National School Walkout Day was held across the United States to show solidarity with students in Parkland, Florida following a deadly shooting in February insi...

QUAD CITES (IL/IA) - Many students across the Quad Cities Area found alternative ways to show solidarity with the rest of the nation on March 14,  during National School Walkout Day.

In Aledo, Illinois, students settled on a compromise with administrators after the school district threatened to punish students if they walked out.

Mercer County High School held an assembly in honor of the victims of last month's shooting in Parkland, Florida.

17 students stood to read about each one of the 17 lives that were lost on that deadly day.

Authorities and administrators also reassured students there that their priority is safety.

"I think we got our message across pretty well I think we opened the eyes of a couple people who were skeptical or judgmental about what we were standing for or why we were doing this, so I think today the assembly went pretty great." said Taylor Hessman, a student at Mercer County High School.

After the assembly students were urged to also do 17 random acts of kindness throughout the day.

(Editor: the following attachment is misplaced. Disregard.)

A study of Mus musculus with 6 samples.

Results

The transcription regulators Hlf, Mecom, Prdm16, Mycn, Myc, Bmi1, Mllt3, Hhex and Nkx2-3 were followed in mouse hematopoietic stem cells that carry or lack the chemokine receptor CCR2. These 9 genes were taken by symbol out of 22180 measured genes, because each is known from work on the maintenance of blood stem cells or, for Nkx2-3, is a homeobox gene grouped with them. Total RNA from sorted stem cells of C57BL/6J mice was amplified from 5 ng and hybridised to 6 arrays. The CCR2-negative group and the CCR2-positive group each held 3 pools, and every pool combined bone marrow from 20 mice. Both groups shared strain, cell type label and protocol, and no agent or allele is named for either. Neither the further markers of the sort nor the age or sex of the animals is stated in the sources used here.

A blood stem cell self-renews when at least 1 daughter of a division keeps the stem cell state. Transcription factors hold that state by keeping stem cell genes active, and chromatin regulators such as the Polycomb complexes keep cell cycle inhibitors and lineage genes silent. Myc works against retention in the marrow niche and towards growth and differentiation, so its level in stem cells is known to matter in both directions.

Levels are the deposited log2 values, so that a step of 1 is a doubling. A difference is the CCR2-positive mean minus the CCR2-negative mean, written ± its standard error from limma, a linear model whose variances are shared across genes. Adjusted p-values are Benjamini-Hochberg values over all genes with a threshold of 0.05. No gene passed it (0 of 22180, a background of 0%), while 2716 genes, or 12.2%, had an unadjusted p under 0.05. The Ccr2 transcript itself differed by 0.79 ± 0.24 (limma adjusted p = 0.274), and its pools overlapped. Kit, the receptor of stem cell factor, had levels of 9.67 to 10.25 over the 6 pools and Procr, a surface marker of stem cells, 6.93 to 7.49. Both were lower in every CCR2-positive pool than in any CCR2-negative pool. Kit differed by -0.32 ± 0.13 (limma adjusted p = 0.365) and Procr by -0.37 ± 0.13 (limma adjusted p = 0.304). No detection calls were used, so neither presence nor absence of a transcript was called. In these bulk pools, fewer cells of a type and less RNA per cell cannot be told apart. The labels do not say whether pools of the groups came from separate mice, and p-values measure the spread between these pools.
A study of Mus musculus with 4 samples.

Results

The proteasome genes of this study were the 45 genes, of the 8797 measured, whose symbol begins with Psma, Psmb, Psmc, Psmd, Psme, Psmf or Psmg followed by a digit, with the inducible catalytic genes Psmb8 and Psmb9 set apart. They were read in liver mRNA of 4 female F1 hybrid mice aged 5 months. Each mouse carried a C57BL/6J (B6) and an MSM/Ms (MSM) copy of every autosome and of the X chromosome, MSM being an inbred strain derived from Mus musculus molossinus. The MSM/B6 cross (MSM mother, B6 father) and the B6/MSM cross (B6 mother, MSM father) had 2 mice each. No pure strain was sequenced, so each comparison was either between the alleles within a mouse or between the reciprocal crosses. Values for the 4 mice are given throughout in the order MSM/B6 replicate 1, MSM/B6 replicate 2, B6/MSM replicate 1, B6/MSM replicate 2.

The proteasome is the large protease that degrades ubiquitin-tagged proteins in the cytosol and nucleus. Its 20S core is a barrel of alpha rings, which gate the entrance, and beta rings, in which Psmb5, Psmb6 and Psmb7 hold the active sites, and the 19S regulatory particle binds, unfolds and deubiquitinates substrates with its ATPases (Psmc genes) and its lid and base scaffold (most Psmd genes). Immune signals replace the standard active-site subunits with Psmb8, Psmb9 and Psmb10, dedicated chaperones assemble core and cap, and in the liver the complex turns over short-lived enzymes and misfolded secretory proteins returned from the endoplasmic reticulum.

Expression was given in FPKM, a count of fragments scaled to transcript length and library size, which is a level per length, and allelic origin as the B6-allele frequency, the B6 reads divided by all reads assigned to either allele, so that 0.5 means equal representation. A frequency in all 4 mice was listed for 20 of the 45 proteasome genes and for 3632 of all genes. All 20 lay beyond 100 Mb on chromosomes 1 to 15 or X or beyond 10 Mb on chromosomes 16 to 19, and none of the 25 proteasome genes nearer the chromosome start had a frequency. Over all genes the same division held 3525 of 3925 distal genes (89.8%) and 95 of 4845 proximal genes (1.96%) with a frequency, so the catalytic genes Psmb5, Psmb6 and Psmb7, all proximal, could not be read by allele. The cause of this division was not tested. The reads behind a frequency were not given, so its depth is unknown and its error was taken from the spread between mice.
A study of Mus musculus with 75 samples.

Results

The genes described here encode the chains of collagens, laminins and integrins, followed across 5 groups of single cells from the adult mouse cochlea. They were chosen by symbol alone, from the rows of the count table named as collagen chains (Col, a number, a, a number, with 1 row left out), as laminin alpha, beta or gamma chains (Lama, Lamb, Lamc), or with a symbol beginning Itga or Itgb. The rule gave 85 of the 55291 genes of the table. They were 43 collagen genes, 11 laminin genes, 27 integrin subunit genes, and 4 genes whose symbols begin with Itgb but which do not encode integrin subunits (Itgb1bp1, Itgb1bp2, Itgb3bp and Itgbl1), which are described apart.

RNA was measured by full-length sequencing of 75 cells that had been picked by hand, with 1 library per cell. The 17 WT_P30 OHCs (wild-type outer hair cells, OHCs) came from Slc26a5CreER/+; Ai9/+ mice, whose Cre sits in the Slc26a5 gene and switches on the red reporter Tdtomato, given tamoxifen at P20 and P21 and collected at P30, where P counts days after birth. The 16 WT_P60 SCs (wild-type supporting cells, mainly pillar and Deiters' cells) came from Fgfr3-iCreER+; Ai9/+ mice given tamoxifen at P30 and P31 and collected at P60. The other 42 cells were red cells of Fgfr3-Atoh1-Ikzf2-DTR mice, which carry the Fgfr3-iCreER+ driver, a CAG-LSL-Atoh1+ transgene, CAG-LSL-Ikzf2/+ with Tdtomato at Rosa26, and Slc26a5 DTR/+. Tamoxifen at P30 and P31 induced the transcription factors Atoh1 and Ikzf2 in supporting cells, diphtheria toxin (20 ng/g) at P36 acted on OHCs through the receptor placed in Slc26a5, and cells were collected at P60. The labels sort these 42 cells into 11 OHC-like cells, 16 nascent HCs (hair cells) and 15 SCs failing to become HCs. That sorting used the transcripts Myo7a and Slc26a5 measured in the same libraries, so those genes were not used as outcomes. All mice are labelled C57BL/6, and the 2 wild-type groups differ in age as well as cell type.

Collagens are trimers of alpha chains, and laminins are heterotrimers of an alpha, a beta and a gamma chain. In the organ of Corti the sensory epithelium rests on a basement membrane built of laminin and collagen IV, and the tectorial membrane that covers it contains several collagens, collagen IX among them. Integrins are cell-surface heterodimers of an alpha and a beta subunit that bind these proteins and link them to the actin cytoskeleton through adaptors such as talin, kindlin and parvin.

Meanwhile, in Rock Island, Illinois, students and staff at Alleman High School also chose not to walk out. Instead, they gathered to honor the students killed last month with a special ceremony.

Students organized a candlelight vigil. 17 candles, one for each of the lives lost.

Each candle was held by an Alleman student that was the same age of the victim in Florida.

Organizers wanted to use the day to show support in a peaceful way.

"It's really easy for us to empathize as high school students because that could be us so we knew we wanted to organize something that could remember the lives lost while also standing up against school violence and standing up for school safety." said Clare Vanspeybroeck, a student organizer.

Students worked with school staff and administration to come up with the idea of a ceremony instead of a walkout.